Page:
PSHE & RSE
“Personal, social, health and economic (PSHE) education is an important and necessary part of all pupils’ education….Schools should seek to use PSHE education to build, where appropriate, on the statutory content already outlined in the national curriculum, the basic school curriculum and in statutory guidance on: drug education, financial education, sex and relationship education (RSE) and the importance of physical activity and diet for a healthy lifestyle.”
DfE, Sept 2021
PSHE & RSE CURRICULUM STATEMENT
At Alfriston Primary School, we believe that teaching Personal, Social, Health and Economic (PSHE) education and Relationships and Sex Education (RSE) is integral to providing a board and balanced curriculum. We believe that good quality PSHE education & RSE prepares children for opportunities, responsibilities and experiences of later life, whilst also supporting the well-being of the children throughout their school career.
The Jigsaw PSHE & RSE scheme taught at our school, covers many Spiritual, Moral, Social and Cultural (SMSC) issues that affect the children as they progress in their school career. Additionally, the Jigsaw scheme significantly contributes to the British Values agenda through direct teaching of information and through the experiential learning the children take part in.
Our PSHE & RSE curriculum equips children with an age appropriate understanding, stretching from EYFS to Year 6. In addition, our Relationships Education at Alfriston teaches the fundamental building blocks and characteristics of positive relationships, with particular reference to friendships, family relationships, and relationships with other peers and adults.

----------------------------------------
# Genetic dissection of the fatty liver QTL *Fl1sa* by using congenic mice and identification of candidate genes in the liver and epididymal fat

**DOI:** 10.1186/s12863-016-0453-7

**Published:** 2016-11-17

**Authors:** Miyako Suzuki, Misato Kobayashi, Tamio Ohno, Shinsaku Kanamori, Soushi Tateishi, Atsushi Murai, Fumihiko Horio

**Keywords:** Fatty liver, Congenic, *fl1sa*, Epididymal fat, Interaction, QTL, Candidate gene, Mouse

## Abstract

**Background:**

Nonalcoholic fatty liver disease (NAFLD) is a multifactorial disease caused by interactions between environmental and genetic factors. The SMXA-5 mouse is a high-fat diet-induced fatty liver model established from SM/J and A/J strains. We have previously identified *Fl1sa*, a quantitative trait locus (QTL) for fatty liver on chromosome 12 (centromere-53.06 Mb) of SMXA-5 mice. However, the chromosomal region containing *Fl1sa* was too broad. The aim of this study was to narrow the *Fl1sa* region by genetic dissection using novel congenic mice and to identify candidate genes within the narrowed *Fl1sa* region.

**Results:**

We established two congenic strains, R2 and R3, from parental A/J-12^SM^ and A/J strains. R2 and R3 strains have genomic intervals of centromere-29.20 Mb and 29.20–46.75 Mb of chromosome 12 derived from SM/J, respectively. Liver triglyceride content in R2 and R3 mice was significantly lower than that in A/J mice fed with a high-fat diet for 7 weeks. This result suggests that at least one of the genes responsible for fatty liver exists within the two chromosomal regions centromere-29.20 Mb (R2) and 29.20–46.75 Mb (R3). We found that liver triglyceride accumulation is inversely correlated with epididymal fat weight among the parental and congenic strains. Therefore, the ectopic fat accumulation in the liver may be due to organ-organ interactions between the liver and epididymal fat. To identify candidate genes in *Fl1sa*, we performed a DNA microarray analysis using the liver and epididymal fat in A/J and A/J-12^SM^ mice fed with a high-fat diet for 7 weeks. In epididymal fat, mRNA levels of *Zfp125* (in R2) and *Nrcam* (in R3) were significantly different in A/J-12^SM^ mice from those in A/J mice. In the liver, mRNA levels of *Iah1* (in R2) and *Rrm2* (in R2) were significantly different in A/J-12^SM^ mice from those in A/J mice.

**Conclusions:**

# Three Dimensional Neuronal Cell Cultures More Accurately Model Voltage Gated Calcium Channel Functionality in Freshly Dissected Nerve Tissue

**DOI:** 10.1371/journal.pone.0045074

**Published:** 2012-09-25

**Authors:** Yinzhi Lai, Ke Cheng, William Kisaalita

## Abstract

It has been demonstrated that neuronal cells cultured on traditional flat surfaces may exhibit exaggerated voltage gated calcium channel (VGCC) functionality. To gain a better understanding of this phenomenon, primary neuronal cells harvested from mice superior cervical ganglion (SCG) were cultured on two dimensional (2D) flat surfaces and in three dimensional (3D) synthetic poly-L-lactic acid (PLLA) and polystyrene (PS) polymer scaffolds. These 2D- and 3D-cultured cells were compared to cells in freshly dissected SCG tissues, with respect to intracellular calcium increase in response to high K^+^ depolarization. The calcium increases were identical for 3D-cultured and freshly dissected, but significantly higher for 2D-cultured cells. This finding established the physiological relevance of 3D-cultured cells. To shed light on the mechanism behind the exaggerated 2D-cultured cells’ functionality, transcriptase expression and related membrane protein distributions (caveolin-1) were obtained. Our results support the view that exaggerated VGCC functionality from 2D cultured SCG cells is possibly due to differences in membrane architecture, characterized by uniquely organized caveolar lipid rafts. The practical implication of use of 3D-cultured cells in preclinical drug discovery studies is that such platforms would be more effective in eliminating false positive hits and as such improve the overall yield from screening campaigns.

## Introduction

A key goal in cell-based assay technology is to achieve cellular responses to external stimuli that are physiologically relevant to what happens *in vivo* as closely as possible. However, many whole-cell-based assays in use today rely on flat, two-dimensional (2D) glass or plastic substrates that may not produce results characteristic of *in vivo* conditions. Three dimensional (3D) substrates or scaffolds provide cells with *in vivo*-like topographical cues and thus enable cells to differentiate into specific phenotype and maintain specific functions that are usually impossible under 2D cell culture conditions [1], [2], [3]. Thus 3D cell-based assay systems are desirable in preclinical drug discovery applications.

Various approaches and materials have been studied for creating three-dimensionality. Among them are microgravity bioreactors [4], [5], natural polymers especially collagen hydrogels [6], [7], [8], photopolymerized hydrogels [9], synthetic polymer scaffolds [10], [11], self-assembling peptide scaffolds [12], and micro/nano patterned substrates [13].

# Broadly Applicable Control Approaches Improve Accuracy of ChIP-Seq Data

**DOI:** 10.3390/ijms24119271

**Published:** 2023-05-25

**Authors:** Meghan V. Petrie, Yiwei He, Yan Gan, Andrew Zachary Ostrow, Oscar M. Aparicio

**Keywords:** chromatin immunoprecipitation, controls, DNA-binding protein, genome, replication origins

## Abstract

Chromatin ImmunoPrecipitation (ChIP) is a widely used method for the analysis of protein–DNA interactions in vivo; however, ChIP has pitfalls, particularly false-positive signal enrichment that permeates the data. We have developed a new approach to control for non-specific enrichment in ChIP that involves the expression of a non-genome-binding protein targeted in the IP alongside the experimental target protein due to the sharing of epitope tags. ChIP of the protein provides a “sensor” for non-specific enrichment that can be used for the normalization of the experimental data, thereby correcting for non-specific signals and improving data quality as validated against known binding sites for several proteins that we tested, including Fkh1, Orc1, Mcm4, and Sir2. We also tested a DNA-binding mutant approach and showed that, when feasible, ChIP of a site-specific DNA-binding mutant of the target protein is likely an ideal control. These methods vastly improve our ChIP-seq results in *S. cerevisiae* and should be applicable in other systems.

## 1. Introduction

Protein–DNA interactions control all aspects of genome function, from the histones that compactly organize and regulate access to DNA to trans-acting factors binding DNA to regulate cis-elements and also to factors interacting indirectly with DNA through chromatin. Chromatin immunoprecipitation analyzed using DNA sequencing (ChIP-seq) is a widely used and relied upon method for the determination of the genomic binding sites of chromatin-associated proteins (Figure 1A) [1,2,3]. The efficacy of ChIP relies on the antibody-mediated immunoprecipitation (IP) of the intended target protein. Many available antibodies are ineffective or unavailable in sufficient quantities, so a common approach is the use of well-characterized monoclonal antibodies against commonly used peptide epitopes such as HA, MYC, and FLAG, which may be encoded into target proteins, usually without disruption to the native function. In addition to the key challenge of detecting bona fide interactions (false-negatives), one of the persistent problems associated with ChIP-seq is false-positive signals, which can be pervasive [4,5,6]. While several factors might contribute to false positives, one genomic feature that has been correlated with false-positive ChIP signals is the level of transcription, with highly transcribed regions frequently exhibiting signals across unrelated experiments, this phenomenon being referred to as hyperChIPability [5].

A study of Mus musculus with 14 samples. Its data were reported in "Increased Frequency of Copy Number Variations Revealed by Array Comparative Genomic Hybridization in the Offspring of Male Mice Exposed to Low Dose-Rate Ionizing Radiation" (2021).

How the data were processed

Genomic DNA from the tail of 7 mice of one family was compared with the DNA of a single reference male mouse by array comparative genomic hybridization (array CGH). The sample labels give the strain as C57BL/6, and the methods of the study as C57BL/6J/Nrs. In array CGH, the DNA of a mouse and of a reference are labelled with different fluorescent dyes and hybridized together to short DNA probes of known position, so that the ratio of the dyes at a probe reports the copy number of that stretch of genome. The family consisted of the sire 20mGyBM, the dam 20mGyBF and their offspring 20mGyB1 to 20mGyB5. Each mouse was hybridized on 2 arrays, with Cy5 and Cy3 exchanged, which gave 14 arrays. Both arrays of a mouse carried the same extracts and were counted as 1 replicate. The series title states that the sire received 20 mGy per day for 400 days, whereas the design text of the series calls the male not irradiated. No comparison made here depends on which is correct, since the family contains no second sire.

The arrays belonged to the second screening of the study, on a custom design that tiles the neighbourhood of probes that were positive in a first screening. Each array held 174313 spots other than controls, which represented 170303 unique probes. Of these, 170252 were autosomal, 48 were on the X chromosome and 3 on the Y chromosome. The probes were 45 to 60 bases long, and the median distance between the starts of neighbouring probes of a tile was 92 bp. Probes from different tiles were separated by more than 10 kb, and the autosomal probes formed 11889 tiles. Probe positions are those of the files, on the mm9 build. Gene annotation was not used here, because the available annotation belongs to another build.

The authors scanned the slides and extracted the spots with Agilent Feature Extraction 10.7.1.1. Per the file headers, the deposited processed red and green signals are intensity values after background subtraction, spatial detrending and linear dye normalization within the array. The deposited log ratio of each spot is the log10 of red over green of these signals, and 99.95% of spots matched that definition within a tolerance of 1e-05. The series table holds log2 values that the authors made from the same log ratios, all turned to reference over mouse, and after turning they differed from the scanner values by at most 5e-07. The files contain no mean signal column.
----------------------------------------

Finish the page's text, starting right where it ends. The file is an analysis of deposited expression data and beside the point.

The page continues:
OUR CURRICULUM INTENT FOR PSHE & RSE
With these aspirations, our intent for the PSHE & RSE curriculum are:
- To promote children’s moral, social, spiritual, cultural and physical development through a broad and balanced PSHE & RSE curriculum.
- To allow children to develop safe and healthy relationships now and in the future.
- To develop children’s self-confidence and self-esteem so they can be active and happy members of the school and wider community.
- To provide children with opportunities for gaining cultural capital (either within school or in the local community).
- To understand factors which allow us to have a healthy lifestyle.
- To understand the importance of British values.
Our PSHE & RSE curriculum is planned to develop children’s wellbeing and help them grow into active, healthy, safe, responsible and enterprising individuals.
HOW WE IMPLEMENT OUR INTENTIONS
The Jigsaw scheme is based upon a whole school approach to PSHE & RSE which is progressive and sequential. The scheme is structured into 6 half-termly units of work, mapped out like puzzle pieces. These comprise of the units; 'Being Me in My World', Celebrating Differences', 'Dreams and Goals', 'Healthy Me', 'Relationships' and 'Changing Me'.
Mindfulness activities are key components of the Jigsaw PSHE & RSE lessons. The children reflect on their experiences and understand how they are developing personally and socially, tackling issues that are part of growing up. The Jigsaw PSHE & RSE lessons help the children develop their self-belief, realise their value and encourages them to become increasingly responsible for their own learning. In addition, the children develop understanding of their place within the wider community, and are taught how to resolve conflicts, develop collaboration skills and respect for others.
PSHE/RSE is taught weekly at a level appropriate to the child's age, maturity and understanding.
The school has a clear policy on Relationship & Sex Education (RSE). The children gain an understanding of the working of their bodies, including human reproduction using correct vocabulary. This is a gently progressive curriculum as the children move through the school, meeting the requirements of the National Curriculum.
Relationship & Sex Education is always presented in the context of family life, of loving relationships and respect for one another. Children are able to ask questions which teachers answer in a manner appropriate to the age and maturity of the children. In Key Stage 2, smaller groups of boys and girls are given the opportunity to work separately and ask questions, which they may feel uncomfortable to ask in the presence of the whole class.
Parents are given the opportunity to view the teaching resources prior to the lessons and to meet with the class teacher if required.